Jane Anson explores one of the last few secrets of Bordeaux wine, and tells you how to find it...

I’ve never seen a live phylloxera bug before, still less a tiny group of them sat like a angry set of blisters on the leaf of the vine.

Instinctively the small group of us recoil. All, that is, except Fabien Teitgen, technical director of Château Smith Haut Lafitte, who is well used to this sight in Bordeaux.

‘These bugs are everywhere,’ he says cheerfully. ‘It’s not that we have eradicated the phylloxera louse in Europe, simply that we have worked out how to control them. They don’t like the leaves of our European vines so they head down to the roots, where they do all the damage.

‘But on these American vines, they leave the rootstocks alone, but live happily on the leaves. It’s why the combination of the two makes for phylloxera-free vines.’

We are standing on the site of one of the last few secrets of Bordeaux viticulture – a tiny island paradise where Smith Haut Lafitte is trying to square the circle.

‘We have spent years developing an organic, environmentally-sensitive approach to winemaking at our main estate,’ says Teitgen. ‘And yet we were having to buy commercially-grown rootstocks that we had no control over. The most sensible thing seemed to grow our own’.

As luck would have it, they had just the place.

Ile de la Lande

This is Ile de la Lande, a 51-hectare private island dotted with lakes and woodland in the Garonne river that was bought by the Cathiards in 1995, just a few years after they arrived in Bordeaux to buy their Pessac Léognan estate.

There had been extensive viticulture on the island until the 19th century. Ruins of former cellars greet you when you step foot off the jetty and make your way past the thickets that guard the entire place from view, constructed to vinify the 20 hectares of vines that were grown here.

This gave way to gravel quarries in the 20th century, and for at least 50 years there have been of no vines here at all, meaning the soils are free of nematodes and other viruses. Combine this with its total isolation, and the sandy-clay soils that dominate now that the gravel has gone – and you have the perfect spot for a rootstock nursery.

‘We buy 30cm pieces of base shoots of American vines from a specialist supplier,’ explains Teitgen, ‘and use these to grow three different types that respond to our specific soil types. After one year here we select the most suitable ones, cut the rootstocks and take them to a nursery on the mainland to do the grafting onto our healthy vitis vinifera vines’.

Today up to 50% of the Smith Haut Lafitte vines benefit from this vertical integration, where every step is genuinely overseen by the Cathiard family. I don’t know of another Bordeaux wine estate that can make a similar claim.

It’s a fascinating place to visit, but the Ile de la Lande is just one part of a rich and hidden history of island wines in Bordeaux, dotted within the often swollen, sulky river.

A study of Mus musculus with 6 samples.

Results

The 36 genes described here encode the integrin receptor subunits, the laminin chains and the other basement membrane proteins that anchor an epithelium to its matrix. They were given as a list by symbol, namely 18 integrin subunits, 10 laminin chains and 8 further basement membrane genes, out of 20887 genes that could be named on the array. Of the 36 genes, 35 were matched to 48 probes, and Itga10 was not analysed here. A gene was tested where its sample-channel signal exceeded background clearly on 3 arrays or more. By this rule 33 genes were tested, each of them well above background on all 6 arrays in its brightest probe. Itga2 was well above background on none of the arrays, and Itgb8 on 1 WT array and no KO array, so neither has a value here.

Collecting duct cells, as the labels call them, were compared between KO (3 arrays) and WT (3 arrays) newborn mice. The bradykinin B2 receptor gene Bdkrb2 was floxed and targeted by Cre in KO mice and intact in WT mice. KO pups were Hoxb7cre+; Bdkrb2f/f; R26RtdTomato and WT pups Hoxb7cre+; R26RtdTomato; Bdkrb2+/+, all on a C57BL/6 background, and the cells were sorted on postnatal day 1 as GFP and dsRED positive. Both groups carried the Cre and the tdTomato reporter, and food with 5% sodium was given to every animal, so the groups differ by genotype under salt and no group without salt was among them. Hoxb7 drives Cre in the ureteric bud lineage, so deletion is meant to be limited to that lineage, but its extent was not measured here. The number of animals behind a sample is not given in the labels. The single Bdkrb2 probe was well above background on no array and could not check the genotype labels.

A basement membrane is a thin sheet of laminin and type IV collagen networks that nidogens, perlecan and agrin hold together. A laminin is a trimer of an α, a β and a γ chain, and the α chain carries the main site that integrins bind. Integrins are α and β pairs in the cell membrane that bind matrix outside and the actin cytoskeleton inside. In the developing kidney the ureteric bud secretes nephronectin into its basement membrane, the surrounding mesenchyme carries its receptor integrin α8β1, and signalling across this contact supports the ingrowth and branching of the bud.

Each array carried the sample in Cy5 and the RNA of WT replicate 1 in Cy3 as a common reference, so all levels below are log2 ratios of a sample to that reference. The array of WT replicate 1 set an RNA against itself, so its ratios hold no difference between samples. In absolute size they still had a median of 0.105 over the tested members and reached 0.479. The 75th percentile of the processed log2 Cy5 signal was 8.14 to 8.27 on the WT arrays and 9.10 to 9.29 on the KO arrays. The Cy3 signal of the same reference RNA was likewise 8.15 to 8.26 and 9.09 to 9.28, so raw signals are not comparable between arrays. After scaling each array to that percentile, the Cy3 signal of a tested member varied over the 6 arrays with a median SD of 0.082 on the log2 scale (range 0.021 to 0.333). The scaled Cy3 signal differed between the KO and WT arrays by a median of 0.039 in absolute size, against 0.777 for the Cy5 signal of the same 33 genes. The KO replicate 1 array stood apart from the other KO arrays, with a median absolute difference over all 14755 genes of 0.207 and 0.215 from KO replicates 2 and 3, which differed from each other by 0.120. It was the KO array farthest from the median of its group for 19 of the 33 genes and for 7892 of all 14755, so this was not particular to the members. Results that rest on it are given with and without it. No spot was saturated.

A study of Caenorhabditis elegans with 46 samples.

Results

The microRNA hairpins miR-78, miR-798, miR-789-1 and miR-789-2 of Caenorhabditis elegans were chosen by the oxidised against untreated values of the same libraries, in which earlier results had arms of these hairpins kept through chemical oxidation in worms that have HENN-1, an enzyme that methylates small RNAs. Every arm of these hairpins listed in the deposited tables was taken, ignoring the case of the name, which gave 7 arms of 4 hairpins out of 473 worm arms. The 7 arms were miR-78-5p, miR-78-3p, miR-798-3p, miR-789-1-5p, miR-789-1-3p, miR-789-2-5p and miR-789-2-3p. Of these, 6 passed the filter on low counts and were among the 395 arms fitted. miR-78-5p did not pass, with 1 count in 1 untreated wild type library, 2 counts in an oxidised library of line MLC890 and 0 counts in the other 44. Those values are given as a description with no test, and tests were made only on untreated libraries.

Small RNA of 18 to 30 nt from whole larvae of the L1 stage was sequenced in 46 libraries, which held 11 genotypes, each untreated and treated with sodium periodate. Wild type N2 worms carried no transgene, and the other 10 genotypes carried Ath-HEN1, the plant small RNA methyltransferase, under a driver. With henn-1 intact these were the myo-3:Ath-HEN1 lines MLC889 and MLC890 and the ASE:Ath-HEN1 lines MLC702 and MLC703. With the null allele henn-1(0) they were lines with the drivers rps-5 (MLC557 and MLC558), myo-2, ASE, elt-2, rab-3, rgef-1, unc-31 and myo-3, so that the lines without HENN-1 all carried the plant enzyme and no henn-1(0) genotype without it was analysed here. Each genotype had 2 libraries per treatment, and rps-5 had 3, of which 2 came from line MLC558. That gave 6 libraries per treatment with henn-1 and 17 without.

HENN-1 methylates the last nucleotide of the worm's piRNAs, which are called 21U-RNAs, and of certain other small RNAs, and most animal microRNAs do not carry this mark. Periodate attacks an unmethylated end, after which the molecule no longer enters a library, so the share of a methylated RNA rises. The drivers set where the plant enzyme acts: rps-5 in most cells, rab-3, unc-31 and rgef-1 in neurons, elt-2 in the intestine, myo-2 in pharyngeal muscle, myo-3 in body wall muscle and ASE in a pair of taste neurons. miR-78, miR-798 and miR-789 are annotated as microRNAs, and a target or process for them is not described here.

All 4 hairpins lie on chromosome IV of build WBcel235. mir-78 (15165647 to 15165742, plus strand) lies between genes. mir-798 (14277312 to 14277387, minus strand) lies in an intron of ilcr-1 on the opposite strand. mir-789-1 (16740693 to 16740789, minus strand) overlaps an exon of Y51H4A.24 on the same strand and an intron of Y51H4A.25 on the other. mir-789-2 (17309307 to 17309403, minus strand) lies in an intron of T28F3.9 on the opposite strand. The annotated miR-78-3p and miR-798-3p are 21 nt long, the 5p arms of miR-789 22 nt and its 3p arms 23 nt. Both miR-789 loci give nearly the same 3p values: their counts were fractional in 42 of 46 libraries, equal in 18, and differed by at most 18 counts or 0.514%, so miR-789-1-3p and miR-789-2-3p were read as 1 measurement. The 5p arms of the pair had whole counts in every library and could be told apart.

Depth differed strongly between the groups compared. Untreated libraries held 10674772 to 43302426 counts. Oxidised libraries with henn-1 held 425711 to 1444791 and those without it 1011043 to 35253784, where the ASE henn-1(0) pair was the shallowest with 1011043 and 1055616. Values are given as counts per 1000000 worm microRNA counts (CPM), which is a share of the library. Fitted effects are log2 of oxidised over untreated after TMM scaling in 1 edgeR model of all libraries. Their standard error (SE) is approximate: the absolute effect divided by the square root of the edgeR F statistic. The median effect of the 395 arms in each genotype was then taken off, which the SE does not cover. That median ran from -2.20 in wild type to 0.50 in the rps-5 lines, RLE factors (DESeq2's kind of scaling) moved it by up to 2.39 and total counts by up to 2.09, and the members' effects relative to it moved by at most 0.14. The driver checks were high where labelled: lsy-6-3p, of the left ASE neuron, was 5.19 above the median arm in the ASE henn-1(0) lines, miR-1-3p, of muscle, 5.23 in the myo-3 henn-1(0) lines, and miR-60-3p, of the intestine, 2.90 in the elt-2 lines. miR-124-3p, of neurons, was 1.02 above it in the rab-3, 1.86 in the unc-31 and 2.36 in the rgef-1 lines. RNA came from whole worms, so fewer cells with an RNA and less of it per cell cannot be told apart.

The Garonne river starts out life somewhere 1,800 metres up a mountain in the Spanish Pyrenees, from where it runs through southwest France to the mouth of the Atlantic Ocean.

It is the river that is at least partly responsible for the dominance of Bordeaux wine for much the past millennia, because Bordeaux is lucky enough to be the last major port before it heads out to the open sea, giving it the advantage of being the clear trading post, top of the queue in deciding which goods were loaded onto boats when no other transport options were available.

During the final stretch of its journey, there are parts where it reaches several miles across, resembling more an inland sea than a simple transport artery – and like any sea, it has its fair share of islands.

Bordeaux wine islands – and one to visit

There were once 11 islands, but some have been enlarged and joined together.

In the 1700s and 1800s, they – including Ile de Paté and the Ile de Margaux – were the source of the sought-after ‘vins de palus’ that in old trading ledgers reached among the highest prices of the time. Not many have vineyards today, but there are a few clinging on to tradition.

The most open to visitors is the Ile de Patiras, accessible via a 10 minute boat trip from a jetty on the Pauillac quayside.

As recently as 30 years ago there were 150 people living here, and the island had its own school and 20 hectares of vines along the south side. When harvesting up to 1,000 people would swell the population. All islands used to have access to the appellations of their closest mainland neighbors (Patiras could choose from Blaye or Pauillac), but today they are all Bordeaux or Bordeaux Supérieur.

Patiras is now uninhabited, although a restaurant, Le Refuge, welcomes guests who have booked in advance and for much of the summer you’ll find groups of visitors clambering up the lighthouse that stands alongside the restaurant.

Just three hectares of vines remain on the south side of the island after winemaker André Lurton bought up the rest to use the planting rights elsewhere on ‘mainland Bordeaux’.

The vines make just one commercial wine called Le Mouton Noir Girond’1. The first vintage of this came in 2014, after winemaker Dominique-Léande Chevalier – known for his high-density planting season and traditional methods of viticulture, set out to save the island’s historical production.

Not an easy wine to find (try the Maison des Vins in Pauillac) but truly you can say you are drinking a forgotten piece of Bordeaux history.